Danvers Vape Shop Wants to Smoke Charlie Baker in Court

They say the new vape ban is going to drive the shop out of business in days.


The owner of a Danvers smoke shop called Vapor Zone is filing for a preliminary injunction Thursday in an attempt to lift the ban. Because of the ban, the entire inventory of Vapor Zone is now prohibited, so the shop has been closed for business since Tuesday. The owner, Behram Agha, says the ban will put his store out of business in days, leaving his 11 employees out of work.

“This is a life or death matter for my client,” says Craig Rourke, Agha’s attorney.

Baker announced the immediate ban of all e-cigarette and vaping products at a press conference Tuesday. The governor said the objective of this measure is to allow time for medical specialists and the government to investigate the recent explosion of vaping-related lung illnesses across the country, which have afflicted 530 people nationwide and 61 in Massachusetts.

But according to Rourke, it’s not legally permissible for Baker to enforce this sweeping ban. He pointed to a similar case from 2014, in which then-Governor Deval Patrick declared a public health emergency and attempted to ban the sale of the opioid drug Zohydro. In that case, the U.S. District Court for Massachusetts granted a preliminary injunction against the ban, based on the idea that the state had jumped to its own conclusion about the drug’s safety, obstructing the mandated charge of the U.S. Food and Drug Administration. Like the Patrick administration’s consensus on Zohydro, the Baker administration’s conclusions on vaping are “purely speculative,” Rourke says.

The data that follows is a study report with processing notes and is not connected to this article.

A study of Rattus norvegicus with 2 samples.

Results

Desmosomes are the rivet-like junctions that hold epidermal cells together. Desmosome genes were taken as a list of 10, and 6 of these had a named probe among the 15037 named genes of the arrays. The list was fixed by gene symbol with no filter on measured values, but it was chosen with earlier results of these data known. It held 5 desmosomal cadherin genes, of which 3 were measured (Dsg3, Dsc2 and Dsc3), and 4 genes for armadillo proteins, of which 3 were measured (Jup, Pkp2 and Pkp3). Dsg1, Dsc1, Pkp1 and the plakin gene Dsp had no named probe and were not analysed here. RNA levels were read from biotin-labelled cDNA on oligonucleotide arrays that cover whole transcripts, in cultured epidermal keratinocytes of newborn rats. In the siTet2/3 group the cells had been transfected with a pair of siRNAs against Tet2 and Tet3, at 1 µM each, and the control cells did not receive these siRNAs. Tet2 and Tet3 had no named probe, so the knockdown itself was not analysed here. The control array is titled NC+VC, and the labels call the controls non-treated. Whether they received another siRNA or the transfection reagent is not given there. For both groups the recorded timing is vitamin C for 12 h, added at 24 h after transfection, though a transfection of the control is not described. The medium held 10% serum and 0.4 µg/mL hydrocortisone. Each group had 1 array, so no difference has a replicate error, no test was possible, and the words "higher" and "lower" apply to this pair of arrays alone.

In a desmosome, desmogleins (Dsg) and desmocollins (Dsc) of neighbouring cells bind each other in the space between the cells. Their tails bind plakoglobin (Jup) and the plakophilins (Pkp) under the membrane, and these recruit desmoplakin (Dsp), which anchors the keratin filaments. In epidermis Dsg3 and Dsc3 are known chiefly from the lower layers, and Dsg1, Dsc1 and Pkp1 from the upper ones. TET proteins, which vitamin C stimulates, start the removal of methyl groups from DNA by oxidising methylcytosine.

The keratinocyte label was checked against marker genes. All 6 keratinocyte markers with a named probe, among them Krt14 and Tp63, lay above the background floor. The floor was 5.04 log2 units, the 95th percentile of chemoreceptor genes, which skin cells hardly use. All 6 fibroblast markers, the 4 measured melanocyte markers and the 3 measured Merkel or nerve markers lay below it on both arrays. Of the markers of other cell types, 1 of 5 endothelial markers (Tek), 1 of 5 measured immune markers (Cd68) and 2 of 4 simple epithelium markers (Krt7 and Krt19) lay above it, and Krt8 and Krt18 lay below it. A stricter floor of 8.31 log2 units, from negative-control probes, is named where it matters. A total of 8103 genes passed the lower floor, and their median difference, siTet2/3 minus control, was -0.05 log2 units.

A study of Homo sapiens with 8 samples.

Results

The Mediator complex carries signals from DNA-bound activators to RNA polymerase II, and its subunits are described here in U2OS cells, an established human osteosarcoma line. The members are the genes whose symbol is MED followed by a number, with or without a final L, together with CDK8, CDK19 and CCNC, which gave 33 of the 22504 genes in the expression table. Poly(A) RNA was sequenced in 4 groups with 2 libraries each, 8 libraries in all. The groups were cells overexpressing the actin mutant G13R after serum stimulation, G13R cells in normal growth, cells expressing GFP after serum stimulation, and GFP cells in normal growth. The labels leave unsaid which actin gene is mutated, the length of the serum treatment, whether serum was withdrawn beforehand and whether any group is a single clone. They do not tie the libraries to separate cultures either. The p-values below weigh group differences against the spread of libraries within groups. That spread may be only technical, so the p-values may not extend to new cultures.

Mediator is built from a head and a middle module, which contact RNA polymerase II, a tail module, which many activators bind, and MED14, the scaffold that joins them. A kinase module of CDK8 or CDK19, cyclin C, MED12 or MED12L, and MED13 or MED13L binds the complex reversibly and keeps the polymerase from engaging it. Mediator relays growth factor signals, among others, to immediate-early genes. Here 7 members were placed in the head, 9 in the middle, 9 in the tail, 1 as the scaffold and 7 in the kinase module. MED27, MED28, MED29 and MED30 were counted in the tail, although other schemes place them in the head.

“It’s a manufactured crisis,” he adds.

Public outrage followed the announcement of the ban, with various people claiming that outlawing all e-cigarettes and vaping products would push more users to black market products, which could be even more dangerous, and that it will force those who are using these devices to try to stop smoking to turn back to cigarettes.

Not everyone’s opposed to the ban, though. Attorney General Maura Healey, who has been working ceaselessly for over a year to crack down on flavored tobacco products in an attempt to keep them out of the hands of minors, voiced her support.

“Our office has worked aggressively to address the youth vaping epidemic through investigation, enforcement, and prevention education to help keep these dangerous products from getting into the hands of minors, and to hold companies accountable for knowingly marketing and selling to young people,” Healey said in a statement to MassLive. “I commend Governor Baker for making this public health crisis a priority.”

Rourke is currently in the process of meeting with other small business owners affected by the ban to build his case, and believes a hearing will be scheduled for next week. If all goes as planned, he hopes that to see a positive result by next Friday at the latest.